Women Against Pit Closures


Their group and support work grew from the communal feeding of families in April and May 1984 to a more explicitly political role. A multitude of local support groups were set up early on in the year-long strike.[2]

As the hardship bit deeper, the stronger became the women's resolve. They began to march with their men, and attend rallies and meetings, learning all the time

Previously non-political, reserved women emerged as gifted creators, and spoke at meetings in order to raise money to continue the task ahead of them.

An early event was a rally at the end of May 1984, held in Barnsley which was attended by 5000 women from coalfields across the country, from Scotland to Kent. This was followed by a conference in June and a large protest march in London on 11 August 1984. 23,000 working class women attended that event, joined by other women trade unionists.[2]

As we passed Downing Street we became silent as we stopped our singing. We donned black scarves, and arm bands and wore black flowers in memory of Davy Jones and Joe Green who had died on our picket lines. We averted our eyes as we marched past Thatcher's residence to show our contempt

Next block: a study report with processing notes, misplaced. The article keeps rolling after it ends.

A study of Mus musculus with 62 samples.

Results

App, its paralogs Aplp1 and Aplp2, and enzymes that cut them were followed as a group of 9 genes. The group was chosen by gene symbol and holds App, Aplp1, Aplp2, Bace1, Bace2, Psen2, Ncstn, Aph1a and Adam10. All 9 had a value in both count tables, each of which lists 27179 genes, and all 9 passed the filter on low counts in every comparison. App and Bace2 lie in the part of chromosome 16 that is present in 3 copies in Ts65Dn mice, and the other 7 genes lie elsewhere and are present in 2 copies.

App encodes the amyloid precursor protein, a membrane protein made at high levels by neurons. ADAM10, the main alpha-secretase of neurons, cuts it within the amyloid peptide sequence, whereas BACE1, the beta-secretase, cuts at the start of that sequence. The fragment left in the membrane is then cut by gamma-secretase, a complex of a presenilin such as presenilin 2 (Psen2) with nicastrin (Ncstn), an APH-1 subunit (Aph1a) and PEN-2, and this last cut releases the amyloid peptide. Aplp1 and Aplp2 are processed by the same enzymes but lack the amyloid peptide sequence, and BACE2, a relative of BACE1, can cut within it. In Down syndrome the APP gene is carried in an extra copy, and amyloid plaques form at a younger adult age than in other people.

The name Women Against Pit Closures was adopted at a national delegate conference in Chesterfield in December 1984 and the group sought Associate Membership of the National Union of Mineworkers (NUM).[2] The movement was influenced by contemporary women's peace movements like the women's camp at Greenham Common.[1]


  1. ^ a b Loach, Loretta (1985). "We'll be right here to the end ... and after: Women in the Miners' Strike". In Benyon, Huw (ed.). Digging Deeper: Issues in the Miners' Strike. London: Verso. pp. 169–179. ISBN 0-86091-820-3.
  2. ^ a b c Newton, Gwen, ed. (1985). We are Women, We Are Strong: The Stories of Northumberland Miners' Wives 1984-1985. Northumberland: The People Themselves. ISBN 1-869873-00-9.